In tough economic times many households are tightening their belts, but that doesn’t mean attendance at local attractions is feeling the pinch.
The Nashville Zoo at Grassmere, Adventure Science Center and Cheekwood Museum of Art all have seen an increase in daily attendance in recent years.
A record 615,086 guests, many with their own little animals in tow, visited the zoo in 2009. That number — the highest in zoo history — was up 16 percent from the previous year.
Zoo President Rick Schwartz attributed the attendance increase to several factors, including new animal additions, great weather and an economy that kept families close to home.
“The addition of some new animals definitely helped jump-start our 2009 season,” Schwartz said. “In March, we introduced white tiger cubs, eight zebras and a pair of giant anteaters over a three-week period leading up to and including spring break. We were successful with the birth of three clouded leopard cubs over the summer and were able to present those to our guests through the fall.”
Adventure Science Center, once a facility focusing entirely on children, reached for the stars and found universal appeal with two recent additions — the new Sudekum Planetarium and Space Chase exhibit. CEO Susan Duvenhage said the Nashville community has been very supportive of the $21 million improvements that help make the vast unknown of outer space known to visitors.
“In the first year after the opening [of the new exhibits in 2008], our attendance jumped 40 percent, and more than 140,000 people visited the Judith Payne Turner Theater of the Sudekum Planetarium,” she said.
Attendance totals are not available for 2009-2010 because they follow a July to June calendar.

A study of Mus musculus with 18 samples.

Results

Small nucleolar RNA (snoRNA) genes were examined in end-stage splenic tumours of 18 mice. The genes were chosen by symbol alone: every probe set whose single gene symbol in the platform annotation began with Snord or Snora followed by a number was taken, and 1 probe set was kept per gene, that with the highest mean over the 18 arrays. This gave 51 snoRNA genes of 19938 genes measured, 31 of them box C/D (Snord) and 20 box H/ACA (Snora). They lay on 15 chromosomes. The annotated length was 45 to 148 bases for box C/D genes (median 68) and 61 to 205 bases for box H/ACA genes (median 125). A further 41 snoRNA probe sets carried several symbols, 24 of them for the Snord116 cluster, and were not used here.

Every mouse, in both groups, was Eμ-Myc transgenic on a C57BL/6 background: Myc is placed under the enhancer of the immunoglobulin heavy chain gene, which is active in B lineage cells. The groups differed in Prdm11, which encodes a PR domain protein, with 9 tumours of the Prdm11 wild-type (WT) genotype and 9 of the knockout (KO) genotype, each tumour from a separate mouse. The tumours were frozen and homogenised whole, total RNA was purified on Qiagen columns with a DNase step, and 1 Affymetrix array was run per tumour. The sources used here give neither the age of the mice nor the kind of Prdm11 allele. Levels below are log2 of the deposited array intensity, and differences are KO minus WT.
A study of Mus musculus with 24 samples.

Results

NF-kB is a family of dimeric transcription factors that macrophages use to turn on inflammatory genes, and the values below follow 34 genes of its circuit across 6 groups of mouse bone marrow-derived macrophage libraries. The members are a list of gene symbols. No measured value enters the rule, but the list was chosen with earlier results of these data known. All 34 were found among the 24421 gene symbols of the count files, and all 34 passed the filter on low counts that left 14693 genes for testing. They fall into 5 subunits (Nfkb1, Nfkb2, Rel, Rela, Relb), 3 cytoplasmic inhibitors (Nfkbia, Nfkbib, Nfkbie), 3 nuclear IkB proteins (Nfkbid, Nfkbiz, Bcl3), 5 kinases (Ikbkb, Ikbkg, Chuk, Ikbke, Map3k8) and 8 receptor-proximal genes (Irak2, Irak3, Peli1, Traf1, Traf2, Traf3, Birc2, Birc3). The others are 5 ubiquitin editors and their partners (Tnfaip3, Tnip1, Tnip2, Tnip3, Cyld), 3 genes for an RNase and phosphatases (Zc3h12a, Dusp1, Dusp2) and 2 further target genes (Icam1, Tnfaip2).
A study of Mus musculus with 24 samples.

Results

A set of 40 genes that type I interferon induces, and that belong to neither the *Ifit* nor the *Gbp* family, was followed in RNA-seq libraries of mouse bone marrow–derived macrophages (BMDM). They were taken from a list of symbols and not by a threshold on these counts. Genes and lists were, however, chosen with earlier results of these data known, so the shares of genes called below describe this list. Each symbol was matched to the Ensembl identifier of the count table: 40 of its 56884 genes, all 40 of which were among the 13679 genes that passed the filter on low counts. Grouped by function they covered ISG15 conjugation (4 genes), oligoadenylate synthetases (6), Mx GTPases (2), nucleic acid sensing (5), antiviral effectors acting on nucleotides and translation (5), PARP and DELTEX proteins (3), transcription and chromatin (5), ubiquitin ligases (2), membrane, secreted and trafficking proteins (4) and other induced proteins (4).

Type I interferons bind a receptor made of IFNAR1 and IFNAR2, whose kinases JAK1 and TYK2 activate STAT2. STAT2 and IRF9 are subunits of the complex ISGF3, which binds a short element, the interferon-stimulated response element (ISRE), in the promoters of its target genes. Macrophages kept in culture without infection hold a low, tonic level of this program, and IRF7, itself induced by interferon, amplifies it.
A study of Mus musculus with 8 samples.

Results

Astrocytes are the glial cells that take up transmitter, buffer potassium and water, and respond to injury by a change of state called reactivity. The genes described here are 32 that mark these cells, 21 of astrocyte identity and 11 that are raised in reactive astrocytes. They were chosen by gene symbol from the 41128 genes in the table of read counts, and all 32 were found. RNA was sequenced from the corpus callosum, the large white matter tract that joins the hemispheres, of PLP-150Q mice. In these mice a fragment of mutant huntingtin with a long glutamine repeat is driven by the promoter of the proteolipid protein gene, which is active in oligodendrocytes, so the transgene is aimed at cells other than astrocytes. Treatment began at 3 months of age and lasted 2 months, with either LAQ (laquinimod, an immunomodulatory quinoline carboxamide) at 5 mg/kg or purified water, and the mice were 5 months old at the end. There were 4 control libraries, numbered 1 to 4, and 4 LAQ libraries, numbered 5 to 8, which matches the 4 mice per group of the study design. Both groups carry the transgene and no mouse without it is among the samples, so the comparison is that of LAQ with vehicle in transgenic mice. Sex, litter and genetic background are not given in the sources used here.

An ‘eggstravant’ attraction in west Nashville, Cheekwood Museum of Art and Botanical Gardens was the only local attraction polled that reported a slight downturn in overall attendance during 2009.
But Marketing Manager Claire Brick Corby said that 1 percent attendance dip stems from a decrease in facility rentals rather than in daily paid attendance which was up 20 percent.
Cheekwood includes both rental and paid daily attendance in their totals.
“We had fewer corporate rentals and the weddings we’ve had were smaller weddings with fewer attendees,” she said, noting the economy likely weighed in to downturn in rentals. “We were really thrilled with just a 1 percent decrease.”
Cheekwood had experienced a pretty significant attendance increase in recent years with the very successful “How do you like your Eggs?” marketing campaign for the Faberge exhibit among others.
Corby said the economy took a toll not only on facility rentals but on donations too. The marketing budget took a hit, but with a little creativity they were able to find donors to fill in the gaps.
“We attribute that [small decrease] to a lot of promotions,” she said. “We had to get creative.”
They are also getting creative to keep people coming in 2010. During the month of January admission is only 50 cents per person — a throwback to the original cost of admission when the mansion opened 50 years ago.
“We have some big exhibitions coming this year for the 50th anniversary,” she said.
“American Impressionists in the Garden,” an exhibit assembled by Cheekwood curators, will debut in March with more than 40 paintings depicting European and American gardens by American Impressionists. The exhibit will travel to two other museums in the southeast when it leaves Nashville in September.
Another mind-blowing, er, glass-blowing exhibit that is expected be a major draw this year is “Chihuly at Cheekwood,” featuring hand-blown glass sculptures by Dale Chihuly. Thousands of pieces will be spread through the gardens and ponds of Cheekwood, Corby said. A companion exhibit will be on display at the Frist Center for the Visual Arts.
For those who aren’t interested in intricate eggs or exotic glass, the Nashville Zoo will offer an exotic animal that lays eggs.
Set to open in late spring, a new Caribbean flamingo exhibit will keep visitors tickled pink in 2010. The new area will not only add a beautiful and popular species to the animal collection, but the habitat will include improvements to the overall water quality throughout the park.
The Frist Center for the Visual Arts did not respond in time to be included in this article.